Women's wage equality and Glassdoor.com

Posted by Ginkgo100 | 9:15 AM

May an employer base an employee pay decision solely on her gender? In the United States, this has been illegal since the Equal Pay Act of 1963. This statute requires charges to be filed "within one hundred and eighty days after the alleged unlawful employment practice occurred." In May 2007, the U.S. Supreme Court ruled in Ledbetter v. Goodyear that "unlawful employment practice" refers only to the initial discriminatory pay decision.1 Unfortunately for plaintiffs, that decision is likely to have been made much more than 180 days before an employee becomes aware of any pay disparity.

In an article in Time magazine,2 Lisa Takeuchi Cullen remarked on Americans' reluctance to share their own salary information. She suggested that we might all be better served by openly sharing the details of our compensation with others.

The trouble with this plan is that many workers fear their employers will disapprove of their sharing — even retaliate against them. In fact, in some workplaces, employees are expressly forbidden to discuss their own compensation terms with coworkers.

A new website, Glassdoor.com,3 has the potential to become a useful weapon in the fight for pay equality. Members are encouraged to "contribute an employer review or salary report," "save [their] information to a free and anonymous account," and "get full access to the reviews and salaries shared by our community." A site like this could be useful in shedding light not just on illegal discrimination, but also on legal but unfair policies practiced by some companies.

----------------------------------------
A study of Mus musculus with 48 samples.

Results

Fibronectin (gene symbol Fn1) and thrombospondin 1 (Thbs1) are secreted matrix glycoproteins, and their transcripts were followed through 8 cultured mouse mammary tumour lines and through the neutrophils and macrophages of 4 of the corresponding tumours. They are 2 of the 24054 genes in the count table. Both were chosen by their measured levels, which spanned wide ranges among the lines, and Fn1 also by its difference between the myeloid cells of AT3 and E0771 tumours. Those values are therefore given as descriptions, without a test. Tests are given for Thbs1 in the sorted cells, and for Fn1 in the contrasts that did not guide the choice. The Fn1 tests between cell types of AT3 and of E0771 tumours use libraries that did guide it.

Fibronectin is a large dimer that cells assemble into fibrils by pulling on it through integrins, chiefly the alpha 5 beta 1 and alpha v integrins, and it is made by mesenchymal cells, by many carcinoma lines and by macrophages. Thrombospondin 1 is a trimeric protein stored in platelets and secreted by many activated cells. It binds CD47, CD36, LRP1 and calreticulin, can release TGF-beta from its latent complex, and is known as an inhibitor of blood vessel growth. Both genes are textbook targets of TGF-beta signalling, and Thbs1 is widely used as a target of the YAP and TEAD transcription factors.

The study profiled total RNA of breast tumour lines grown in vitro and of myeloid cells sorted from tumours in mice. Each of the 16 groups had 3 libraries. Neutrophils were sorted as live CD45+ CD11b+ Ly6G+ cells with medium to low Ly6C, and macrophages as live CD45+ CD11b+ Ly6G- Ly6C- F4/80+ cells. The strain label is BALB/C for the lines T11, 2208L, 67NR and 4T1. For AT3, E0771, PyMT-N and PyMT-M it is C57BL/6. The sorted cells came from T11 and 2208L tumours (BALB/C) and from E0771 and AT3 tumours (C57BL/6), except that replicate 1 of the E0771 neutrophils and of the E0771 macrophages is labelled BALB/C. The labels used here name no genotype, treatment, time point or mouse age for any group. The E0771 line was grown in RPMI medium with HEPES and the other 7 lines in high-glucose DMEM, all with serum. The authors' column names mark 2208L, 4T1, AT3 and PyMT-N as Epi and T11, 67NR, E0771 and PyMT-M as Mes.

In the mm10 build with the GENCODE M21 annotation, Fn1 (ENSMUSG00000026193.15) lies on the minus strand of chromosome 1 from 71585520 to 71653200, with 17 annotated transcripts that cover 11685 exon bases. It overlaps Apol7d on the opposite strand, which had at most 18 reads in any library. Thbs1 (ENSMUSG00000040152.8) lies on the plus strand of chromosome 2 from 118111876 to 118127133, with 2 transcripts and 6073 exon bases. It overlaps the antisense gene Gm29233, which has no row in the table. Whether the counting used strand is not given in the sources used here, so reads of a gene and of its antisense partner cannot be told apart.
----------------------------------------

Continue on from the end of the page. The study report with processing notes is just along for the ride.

A bill to allow employees to bring suit within 180 days on their most recent discriminatory paycheck (rather than the initial one, which may have been issued years before), passed in the House of Representatives but failed to pass in the Senate in April 2008.4 (Had it passed, the Bush White House had promised to veto it anyway.) Taking advantage of every opportunity, such as that offered by Glassdoor.com, to share salary information may be the only way for employees to guard against unfair compensation.

Notes

  1. Ledbetter v. Goodyear Tire & Rubber Co., Inc. See the complete text of the decision (PDF).
  2. May 5, 2008. "Coming Clean on Workers' Salaries.
  3. The author has no affiliation with Glassdoor.com and is receiving no compensation for this post.
  4. Results of Senate vote reported in IPMA-HR Washington Update, May 2008.